If caught early, skin cancer isn’t particularly deadly. But unfortunately for many, signs and symptoms go unnoticed until health has irreversibly deteriorated. Research findings published in Nature today hint at a future where anyone, anywhere, might be able to perform a basic skin cancer screening on a smartphone.
Utilizing machine learning, a Stanford team, including Udacity’s Sebastian Thrun, was able to match the accuracy of dermatologists at identifying skin cancer. The classifier the group built is in no way a panacea offering people a precise and irrefutable cancer diagnoses. But even matching fallible human accuracy, the model could pave the way for a less costly, highly-scaleable, solution to get more people taking life-saving preliminary screenings.
The team started with an existing convolutional neural network architecture, previously trained on 1.28 million images from the ImageNet dataset. Afterwords, they utilized transfer leaning, bringing together stakeholders to assemble a database of 129,450 clinical images covering 2,000 different diseases. Over 18 online repositories were used to build the training dataset alongside Stanford University Medical Center.
“Our system requires no hand-crafted features; it is trained end-to-end directly from image labels and raw pixels, with a single network for both photographic and dermoscopic images,” the group noted.
A set of high-quality biopsy-confirmed images was then used for validation. With humans classifying from a set of 180 images, machines essentially tied the capabilities of clinicians.
This work underscores efforts by Google’s DeepMind and Microsoft to classify conditions that can lead to blindness using machine learning. The first line of defense when it comes to health is often a simple visual scan, something that data fueled deep learning has proven adept at. This year’s Data Science Bowl features a $1 million purse for engineers that can classify images of potentially cancerous lesions in the lungs.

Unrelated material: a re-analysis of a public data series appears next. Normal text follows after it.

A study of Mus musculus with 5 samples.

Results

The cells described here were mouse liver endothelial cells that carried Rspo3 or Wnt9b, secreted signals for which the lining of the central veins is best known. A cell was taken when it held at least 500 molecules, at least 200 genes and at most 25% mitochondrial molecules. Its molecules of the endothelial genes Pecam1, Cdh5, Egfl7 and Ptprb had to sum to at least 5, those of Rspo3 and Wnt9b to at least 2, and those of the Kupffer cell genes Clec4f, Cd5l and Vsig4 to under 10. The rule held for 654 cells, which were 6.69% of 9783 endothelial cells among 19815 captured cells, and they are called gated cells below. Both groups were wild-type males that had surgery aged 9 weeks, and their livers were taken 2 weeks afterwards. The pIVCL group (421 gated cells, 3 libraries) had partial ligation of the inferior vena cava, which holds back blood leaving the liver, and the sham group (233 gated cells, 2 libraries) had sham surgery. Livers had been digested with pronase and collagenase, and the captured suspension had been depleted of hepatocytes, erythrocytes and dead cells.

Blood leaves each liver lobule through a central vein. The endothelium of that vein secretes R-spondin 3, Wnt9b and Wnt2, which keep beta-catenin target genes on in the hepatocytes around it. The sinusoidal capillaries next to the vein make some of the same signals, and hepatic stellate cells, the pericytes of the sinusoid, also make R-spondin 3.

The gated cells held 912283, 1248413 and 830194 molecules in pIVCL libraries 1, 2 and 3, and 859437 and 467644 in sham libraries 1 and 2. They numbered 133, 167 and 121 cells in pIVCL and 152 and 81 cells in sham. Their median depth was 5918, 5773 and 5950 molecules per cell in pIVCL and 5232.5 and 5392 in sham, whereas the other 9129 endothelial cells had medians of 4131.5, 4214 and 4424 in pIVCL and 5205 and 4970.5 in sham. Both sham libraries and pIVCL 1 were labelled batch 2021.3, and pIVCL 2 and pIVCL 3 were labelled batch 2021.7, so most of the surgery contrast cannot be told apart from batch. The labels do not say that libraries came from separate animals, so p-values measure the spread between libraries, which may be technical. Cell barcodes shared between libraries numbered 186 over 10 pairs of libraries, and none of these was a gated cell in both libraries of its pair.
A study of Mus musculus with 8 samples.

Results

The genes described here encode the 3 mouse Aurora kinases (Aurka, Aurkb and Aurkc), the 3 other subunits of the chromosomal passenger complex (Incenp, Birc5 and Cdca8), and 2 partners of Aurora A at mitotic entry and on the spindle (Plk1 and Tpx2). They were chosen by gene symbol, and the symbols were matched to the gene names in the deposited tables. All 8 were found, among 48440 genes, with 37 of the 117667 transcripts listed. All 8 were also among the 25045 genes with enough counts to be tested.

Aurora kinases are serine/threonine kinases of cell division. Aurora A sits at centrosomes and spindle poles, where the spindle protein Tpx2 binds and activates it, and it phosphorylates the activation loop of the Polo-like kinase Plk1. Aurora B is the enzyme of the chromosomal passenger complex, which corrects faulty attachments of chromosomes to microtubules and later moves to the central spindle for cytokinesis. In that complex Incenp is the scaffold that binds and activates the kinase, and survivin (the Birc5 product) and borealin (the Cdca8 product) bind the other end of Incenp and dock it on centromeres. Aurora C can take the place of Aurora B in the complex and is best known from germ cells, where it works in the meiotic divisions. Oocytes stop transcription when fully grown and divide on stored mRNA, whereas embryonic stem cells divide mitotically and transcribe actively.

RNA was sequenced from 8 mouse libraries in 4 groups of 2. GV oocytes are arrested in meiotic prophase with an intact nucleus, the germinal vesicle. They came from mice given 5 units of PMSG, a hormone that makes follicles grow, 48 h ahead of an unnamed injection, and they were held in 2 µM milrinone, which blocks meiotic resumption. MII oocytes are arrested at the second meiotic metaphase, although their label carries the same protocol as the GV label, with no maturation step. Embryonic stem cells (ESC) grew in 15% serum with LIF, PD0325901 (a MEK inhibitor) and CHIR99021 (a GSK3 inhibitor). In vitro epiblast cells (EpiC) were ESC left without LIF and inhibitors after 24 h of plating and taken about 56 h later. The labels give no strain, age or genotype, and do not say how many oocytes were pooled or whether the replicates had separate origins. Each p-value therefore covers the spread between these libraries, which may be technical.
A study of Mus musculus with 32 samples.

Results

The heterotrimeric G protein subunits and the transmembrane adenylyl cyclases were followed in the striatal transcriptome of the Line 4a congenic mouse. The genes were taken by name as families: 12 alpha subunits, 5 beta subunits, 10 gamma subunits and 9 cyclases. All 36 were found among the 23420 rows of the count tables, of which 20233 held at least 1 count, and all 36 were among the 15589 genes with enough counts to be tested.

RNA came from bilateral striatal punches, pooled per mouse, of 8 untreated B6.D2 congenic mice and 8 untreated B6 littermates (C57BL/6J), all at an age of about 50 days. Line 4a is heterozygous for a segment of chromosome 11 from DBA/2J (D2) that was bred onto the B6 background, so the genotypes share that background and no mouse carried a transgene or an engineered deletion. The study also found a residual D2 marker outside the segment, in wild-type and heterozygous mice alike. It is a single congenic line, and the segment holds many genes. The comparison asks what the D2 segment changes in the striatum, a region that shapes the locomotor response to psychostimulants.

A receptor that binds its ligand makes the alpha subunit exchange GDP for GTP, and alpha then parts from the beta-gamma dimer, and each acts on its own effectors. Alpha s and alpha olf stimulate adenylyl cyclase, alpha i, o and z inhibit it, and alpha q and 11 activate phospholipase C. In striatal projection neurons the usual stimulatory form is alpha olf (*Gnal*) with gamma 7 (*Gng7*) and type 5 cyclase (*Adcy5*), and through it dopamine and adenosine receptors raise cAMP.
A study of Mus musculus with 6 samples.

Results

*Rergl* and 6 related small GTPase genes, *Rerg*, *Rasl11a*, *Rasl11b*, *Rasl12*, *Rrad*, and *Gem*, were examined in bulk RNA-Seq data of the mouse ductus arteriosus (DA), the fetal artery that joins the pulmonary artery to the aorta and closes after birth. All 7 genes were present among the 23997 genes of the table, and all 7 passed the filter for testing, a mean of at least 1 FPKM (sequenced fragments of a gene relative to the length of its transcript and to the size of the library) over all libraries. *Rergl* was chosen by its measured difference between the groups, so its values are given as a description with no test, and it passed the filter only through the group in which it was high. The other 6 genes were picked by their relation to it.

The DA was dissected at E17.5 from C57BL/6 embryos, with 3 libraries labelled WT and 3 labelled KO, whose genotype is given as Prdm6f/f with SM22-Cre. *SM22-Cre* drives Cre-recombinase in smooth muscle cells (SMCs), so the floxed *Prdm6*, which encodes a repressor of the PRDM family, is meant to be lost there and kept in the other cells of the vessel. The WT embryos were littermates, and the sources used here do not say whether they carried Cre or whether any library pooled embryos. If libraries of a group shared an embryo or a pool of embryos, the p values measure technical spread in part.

But for machine learning to truly change the way we think about healthcare, algorithms need to escape the lab and find new homes on everyday electronic devices — this is easier said than done.
Computational capability is still paramount for most tasks in machine learning, something that just doesn’t exist yet on mobile. And perhaps more importantly, prior efforts have been thwarted by the highly-variant data produced by smartphone cameras used in the real-world. The question is whether greater amounts of data can overcome these factors like lighting, angle and zoom.
If we can pull it off, such technology has the potential to save lives and cut healthcare costs. It’s not hard to imagine making a small in-app purchase for a preliminary diagnosis in lieu of a doctors visit that would cost 10 times as much and require time off.